Sunday, April 1, 2018

Review - The Last Novelist

The Last Novelist
by Matthew Kressel
Date: 2017
Reading level: A
Book type: short story
Pages: 27
Format: e-book

The Last Novelist (or A Dead Lizard in the Yard) by Matthew Kressel is a science fiction story about a dying writer who is trying to finish one final novel on the distant planet he settles on for his demise. His encounter with a young girl triggers a last burst of creativity.

(synopsis from Goodreads)

This short story certainly painted a lovely picture of a foreign world... but, at the same time, I feel vaguely unsettled. It looks like the author tried to incorporate many cultures (you can see it in the use of language--I easily picked out the Yiddish and Indian influences), but the overall feeling I got was sort of Caribbean, from the tropical setting and mention of steel drums to the way the native inhabitants of the planet spoke. Are they human? I'm assuming they're descended from humans; despite having six-fingered hands and violet eyes, there's no indication that they're alien. Which makes it kind of awkward when the little girl--Fish, as she calls herself--speaks like a stereotype:

"I's at my uncle's," she says. "But I's back now. Get up you loafing fool, 'cause we gots work to do!"

This leaves me feeling... I don't know. Am I reading cultural appropriation? Or are we to believe that this planet was colonized entirely by settlers of Caribbean descent?

Aside from that, the story was okay, if a little unsatisfying. The world-building was probably the best part, even if it was a bit uneven at times with the technology. I also wonder if some of the themes are just the author's fears. In this future, nobody reads books anymore, preferring instead to download experiences directly into their brains. I'm not sure this would ever happen (at least, not to the extent shown here), and besides, the narrator still values the written word. Are we to believe he's the only one in the entire universe who does? (Obviously not, as Fish really takes to pen and paper, so the fact that everyone else supposedly avoids reading is a little hard to believe.)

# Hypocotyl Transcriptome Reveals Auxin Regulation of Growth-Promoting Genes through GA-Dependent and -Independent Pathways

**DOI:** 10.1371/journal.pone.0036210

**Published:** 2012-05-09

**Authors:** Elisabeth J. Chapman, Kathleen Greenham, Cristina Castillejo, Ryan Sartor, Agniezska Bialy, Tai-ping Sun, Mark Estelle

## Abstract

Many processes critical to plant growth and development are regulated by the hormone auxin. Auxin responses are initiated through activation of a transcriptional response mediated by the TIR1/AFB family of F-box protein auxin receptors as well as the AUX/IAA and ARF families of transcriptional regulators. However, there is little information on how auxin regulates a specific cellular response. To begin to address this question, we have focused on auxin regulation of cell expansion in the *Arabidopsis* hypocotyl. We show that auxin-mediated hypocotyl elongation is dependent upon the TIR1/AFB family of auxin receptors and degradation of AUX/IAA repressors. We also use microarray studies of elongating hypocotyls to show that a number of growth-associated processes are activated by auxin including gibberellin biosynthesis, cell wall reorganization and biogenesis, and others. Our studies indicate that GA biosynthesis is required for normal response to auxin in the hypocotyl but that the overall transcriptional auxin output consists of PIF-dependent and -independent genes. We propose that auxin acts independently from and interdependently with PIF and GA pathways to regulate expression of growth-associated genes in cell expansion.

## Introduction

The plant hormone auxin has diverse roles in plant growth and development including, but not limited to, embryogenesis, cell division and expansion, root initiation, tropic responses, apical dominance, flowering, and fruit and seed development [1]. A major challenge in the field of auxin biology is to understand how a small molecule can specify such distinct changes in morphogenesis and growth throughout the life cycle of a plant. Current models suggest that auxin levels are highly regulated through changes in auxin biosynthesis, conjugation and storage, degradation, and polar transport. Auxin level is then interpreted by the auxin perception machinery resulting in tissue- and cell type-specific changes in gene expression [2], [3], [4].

I didn't really like the characters. Reuth, the narrator, wasn't developed all that well. We know facts about him, but we don't really know much about what he's like (other than the fact that he thinks it's okay to litter in the sea). I liked Fish a little more, but only because she was more interesting. The only other character to speak of was Fish's mother, who was just there to serve as a protective figure.

All in all, I'd say the imagery was the strongest part of the book, the characters the weakest. The story was somewhere in the middle. I'm not sorry I read it, but it's not that memorable.

Quotable moment:

Fish surprises me on the beach that afternoon. "I don't get it," she says.

I look up from my pad, unexpectedly happy to see her. "What don't you get?"

"Why write novels at all? You could project your dreams into a neural."

"I could. But dreams are raw and unfiltered. And that always felt like cheating to me. With writing, you have to labor over your thoughts."

My words seem only to perplex her more. "But you could dictate your story. Why make it so hard?"

Plot: 3/5
Characters: 2/5
Pace: 3/5
Writing & Editing: 4/5
Originality: 3/5

Enjoyment: 3/5

Overall Rating: 3 out of 5 ladybugs


  1. Aww this does sound disappointing! And I'd be questioning about the culture/dialect thing too?! I always get a bit unsettled too when there's like a society where EVERYONE thinks one way except for the Special One (or two). I mean really?! haha. I always imagine there'd be more opinions and dissenting voices!

    1. Yeah... and to make it worse, we weren't just talking about one planet! You'd think that someone, somewhere, would've still liked books.